Accustomed to her youngest brother's wild exaggerations, Miss Godric dusted the flour off her hands on her blue gingham apron in a leisurely way. The small boy burst into the kitchen. His white face and the panic in his voice galvanised her to action.
"It was Skip," cried Robbie. "He got out somehow and went for Mr. Borden's terrier just as a curricle came round the corner. The driver was thrown right into the road, and he's unconscious and there's blood everywhere. Do you think he's dead, Hester?"
"Surely not," soothed his sister in an anxious voice as she hurried after him. "The road is so muddy after all this rain that he must had quite a soft landing. Where are Jamie and Geoff?"
"Jamie went for the doctor already, and Geoff is calming the horses. There wasn't a groom."
"Well, at least I have a family with common sense," declared Hester. Picking up her skirts, she ran down the front steps and out of the white wicket gate into the street. For once she did not stop to admire Geoffrey's magnificent display of snapdragons, marigolds, cosmos, and delphiniums. The warm summer air was full of the scent of lavender as she knelt in the mud beside the injured stranger.
Geoffrey already had the pair of chestnuts under control, so Hester was able to turn all her attention to the man before her. He was lying quite still, and his left leg was at an odd angle, which convinced her that it was broken. His face was very pale, and there was indeed, as Rob had reported, a good deal of blood liberally splashed on his once-white neckcloth and soaking into the dirt around his head. With tentative fingers,she brushed back his fair hair and found the wound--a long gash that was still bleeding but did not seem very deep. She looked at her muddy petticoat, at her grubby brothers, and with a sigh sent Robbie into the house.
"Find Alice," she instructed, "and tell her to bring some clean linen to bind this cut. Quickly, Rob; it is still bleeding. Geoff, you had best take the curricle round into the yard and unharness the horses. Then come back; I'll need your help."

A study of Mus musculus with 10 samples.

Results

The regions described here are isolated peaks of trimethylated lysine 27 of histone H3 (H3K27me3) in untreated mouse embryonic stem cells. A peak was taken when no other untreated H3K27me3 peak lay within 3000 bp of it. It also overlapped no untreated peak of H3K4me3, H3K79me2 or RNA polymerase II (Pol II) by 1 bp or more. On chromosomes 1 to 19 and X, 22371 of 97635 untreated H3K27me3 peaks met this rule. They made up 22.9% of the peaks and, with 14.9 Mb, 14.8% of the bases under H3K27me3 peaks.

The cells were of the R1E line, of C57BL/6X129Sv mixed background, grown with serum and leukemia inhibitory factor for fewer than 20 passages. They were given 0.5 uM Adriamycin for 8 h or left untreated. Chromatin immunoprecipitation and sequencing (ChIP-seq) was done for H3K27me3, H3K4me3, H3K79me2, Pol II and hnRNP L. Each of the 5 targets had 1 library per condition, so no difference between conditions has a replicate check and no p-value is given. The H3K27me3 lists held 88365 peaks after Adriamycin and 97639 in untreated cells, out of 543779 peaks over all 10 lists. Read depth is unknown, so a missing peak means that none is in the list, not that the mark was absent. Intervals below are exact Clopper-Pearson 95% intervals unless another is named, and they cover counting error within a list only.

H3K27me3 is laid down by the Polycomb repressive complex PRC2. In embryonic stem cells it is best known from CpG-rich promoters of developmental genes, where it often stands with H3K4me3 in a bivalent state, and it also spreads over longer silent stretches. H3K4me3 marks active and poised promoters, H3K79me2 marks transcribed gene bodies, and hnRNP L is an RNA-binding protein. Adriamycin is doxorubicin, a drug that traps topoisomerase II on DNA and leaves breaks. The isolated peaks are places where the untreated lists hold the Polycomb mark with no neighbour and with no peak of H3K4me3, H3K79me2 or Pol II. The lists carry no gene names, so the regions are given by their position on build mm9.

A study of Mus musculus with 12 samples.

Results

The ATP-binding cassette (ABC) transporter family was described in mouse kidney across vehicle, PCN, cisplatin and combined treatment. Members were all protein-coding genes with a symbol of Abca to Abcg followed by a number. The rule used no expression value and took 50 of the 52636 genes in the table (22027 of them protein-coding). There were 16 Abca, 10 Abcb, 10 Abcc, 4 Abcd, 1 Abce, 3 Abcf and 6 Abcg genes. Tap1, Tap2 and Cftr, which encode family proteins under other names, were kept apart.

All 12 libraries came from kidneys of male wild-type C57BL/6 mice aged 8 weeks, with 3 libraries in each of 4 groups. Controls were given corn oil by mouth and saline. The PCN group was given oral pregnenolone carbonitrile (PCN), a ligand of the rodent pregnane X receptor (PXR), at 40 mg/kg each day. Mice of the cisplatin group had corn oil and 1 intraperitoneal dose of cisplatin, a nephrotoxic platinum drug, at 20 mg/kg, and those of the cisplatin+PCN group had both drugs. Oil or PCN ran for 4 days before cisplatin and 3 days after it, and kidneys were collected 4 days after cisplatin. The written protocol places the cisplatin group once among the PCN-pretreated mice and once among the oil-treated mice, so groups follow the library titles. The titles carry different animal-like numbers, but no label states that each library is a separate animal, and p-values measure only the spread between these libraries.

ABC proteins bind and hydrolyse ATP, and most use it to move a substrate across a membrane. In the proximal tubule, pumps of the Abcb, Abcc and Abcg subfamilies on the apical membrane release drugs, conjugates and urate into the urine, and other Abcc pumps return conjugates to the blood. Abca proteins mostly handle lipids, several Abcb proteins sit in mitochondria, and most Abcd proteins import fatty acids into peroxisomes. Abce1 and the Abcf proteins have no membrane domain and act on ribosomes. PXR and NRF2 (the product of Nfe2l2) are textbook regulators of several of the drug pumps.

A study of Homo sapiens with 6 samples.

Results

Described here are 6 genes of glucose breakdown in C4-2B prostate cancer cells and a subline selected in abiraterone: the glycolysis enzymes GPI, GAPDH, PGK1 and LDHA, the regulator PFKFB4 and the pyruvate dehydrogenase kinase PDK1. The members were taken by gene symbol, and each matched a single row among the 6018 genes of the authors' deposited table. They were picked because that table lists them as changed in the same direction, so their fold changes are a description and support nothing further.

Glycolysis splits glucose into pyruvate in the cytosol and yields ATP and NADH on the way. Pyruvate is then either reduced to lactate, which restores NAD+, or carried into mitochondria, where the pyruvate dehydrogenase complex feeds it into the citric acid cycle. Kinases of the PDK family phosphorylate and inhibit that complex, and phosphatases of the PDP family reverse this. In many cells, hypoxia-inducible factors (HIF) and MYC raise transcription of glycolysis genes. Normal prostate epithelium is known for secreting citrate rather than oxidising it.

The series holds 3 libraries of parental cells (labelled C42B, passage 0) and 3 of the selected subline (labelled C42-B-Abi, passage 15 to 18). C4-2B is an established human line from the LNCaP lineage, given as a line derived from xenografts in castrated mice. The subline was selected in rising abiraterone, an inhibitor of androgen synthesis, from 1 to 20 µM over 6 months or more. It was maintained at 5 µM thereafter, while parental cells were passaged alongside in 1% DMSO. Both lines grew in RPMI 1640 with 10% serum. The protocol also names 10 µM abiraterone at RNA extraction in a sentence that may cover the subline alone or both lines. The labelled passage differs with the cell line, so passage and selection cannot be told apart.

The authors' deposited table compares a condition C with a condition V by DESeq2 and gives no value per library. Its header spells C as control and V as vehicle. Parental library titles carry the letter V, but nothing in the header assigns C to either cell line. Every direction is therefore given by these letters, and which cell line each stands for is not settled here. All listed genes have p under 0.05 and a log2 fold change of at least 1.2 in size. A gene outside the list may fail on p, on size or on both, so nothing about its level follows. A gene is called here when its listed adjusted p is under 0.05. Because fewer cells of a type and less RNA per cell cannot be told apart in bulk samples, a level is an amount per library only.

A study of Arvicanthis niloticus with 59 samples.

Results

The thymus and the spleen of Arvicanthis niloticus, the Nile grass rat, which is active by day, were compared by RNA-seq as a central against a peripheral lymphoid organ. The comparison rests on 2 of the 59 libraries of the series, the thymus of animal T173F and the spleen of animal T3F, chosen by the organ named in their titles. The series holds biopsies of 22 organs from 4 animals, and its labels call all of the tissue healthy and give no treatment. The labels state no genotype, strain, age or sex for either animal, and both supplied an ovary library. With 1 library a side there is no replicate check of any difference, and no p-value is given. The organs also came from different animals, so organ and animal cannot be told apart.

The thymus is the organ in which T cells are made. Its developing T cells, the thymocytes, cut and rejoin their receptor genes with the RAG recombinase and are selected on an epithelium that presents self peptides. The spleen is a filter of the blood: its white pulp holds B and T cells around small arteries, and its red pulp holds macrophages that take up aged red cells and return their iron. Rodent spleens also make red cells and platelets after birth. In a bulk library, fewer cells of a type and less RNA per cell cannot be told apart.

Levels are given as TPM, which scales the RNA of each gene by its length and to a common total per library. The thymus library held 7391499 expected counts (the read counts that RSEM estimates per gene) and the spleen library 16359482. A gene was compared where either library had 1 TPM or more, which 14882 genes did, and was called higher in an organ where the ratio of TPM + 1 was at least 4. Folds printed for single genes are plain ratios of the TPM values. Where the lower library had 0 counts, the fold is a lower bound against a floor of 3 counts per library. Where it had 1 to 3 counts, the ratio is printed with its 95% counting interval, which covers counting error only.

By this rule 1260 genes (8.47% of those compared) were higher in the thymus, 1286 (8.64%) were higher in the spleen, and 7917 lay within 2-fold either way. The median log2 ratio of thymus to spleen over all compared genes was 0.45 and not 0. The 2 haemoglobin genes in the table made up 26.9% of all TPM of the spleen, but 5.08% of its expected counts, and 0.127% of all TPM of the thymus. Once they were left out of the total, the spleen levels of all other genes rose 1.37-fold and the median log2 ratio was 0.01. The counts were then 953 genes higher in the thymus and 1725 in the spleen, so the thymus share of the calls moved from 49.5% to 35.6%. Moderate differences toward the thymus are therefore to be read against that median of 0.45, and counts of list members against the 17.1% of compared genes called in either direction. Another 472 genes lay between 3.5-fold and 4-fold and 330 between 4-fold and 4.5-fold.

A few minutes later, her eldest brother appeared from the direction of the town centre, running and panting in a way he would normally have stigmatised as highly undignified.
"Jamie, give me your cravat," Hester greeted him. "Is Dr. Price coming?"
"Yes," gasped the youth, wrestling with his neckcloth. "I met him just down the road but going in the other direction. He had to turn the gig, so I came back at once without waiting for him. Is he badly hurt?" He handed his sister the crumpled but clean cloth, and she pressed it firmly to the cut on the stranger's forehead.
"As far as I can see, he is not likely to die," reassured Hester. "However, I am sure his leg is broken, and I have no idea what to do about it. I hope Dr. Price will hurry."
"Here he comes already," cried Robbie, reappearing in the doorway. "Dr. Price, Dr. Price, can I hold Bo'sun?"
"Indeed to goodness, Mr. Midshipman," answered the stout, white-haired Welshman with a twinkle in his eye, clambering down from his seat with Jamie's assistance. He handed over the reins of the placid nag, who was standing stock-still. "Do not let the old rascal stray, my boy."
"Aye, aye, sir!" responded Robbie joyfully.
"So! What have we here?" queried Dr. Price in his lilting voice, casting a comprehensive glance over his sprawling patient. "Broken leg; looks nasty. What of his head, Miss Godric?"
Hester gingerly removed the cloth from the wound. It seemed to have stopped bleeding. Breathing heavily, the old physician bent down to have a closer look. "That'll not make him slip his anchor. Better bind it while I look at that leg."
"Robbie, where is Alice? Did I not send you for her?"
"Oh, she is having hysterics," said the boy scornfully. And Susan just started praying, so I told Ivy. She made Susan go with her to get some cloths, so I expect she'll be out in a minute."
"As if Ivy did not have enough work!" objected James. "I'll give Alice a piece of my mind, see if I don't."
"Oh, Jamie, it is very trying, but you know your sister's excessive sensibilities," calmed Hester. "We have enough trouble here without you picking a quarrel with her. See, here is Susan."
A girl of about twelve came through the gate, a basket over her arm.
"Here is the linen, Hester," she announced. "May I help you succour the sick? The Lord says--"
"Bother the Lord," exclaimed Geoffrey, appearing round the corner of the house. "Don't be so sanctimonious, you little brat."
"I shall pray for you, dear brother," she responded with hauteur. "Hester, may I help?"
"Indeed, dearest, it would be of the greatest assistance if you would go to Alice and try to stop her working herself into a frenzy. Dr. Price, should I not wash his head before I bind it?"
The doctor was now on his knees in the mud, feeling the stranger's leg.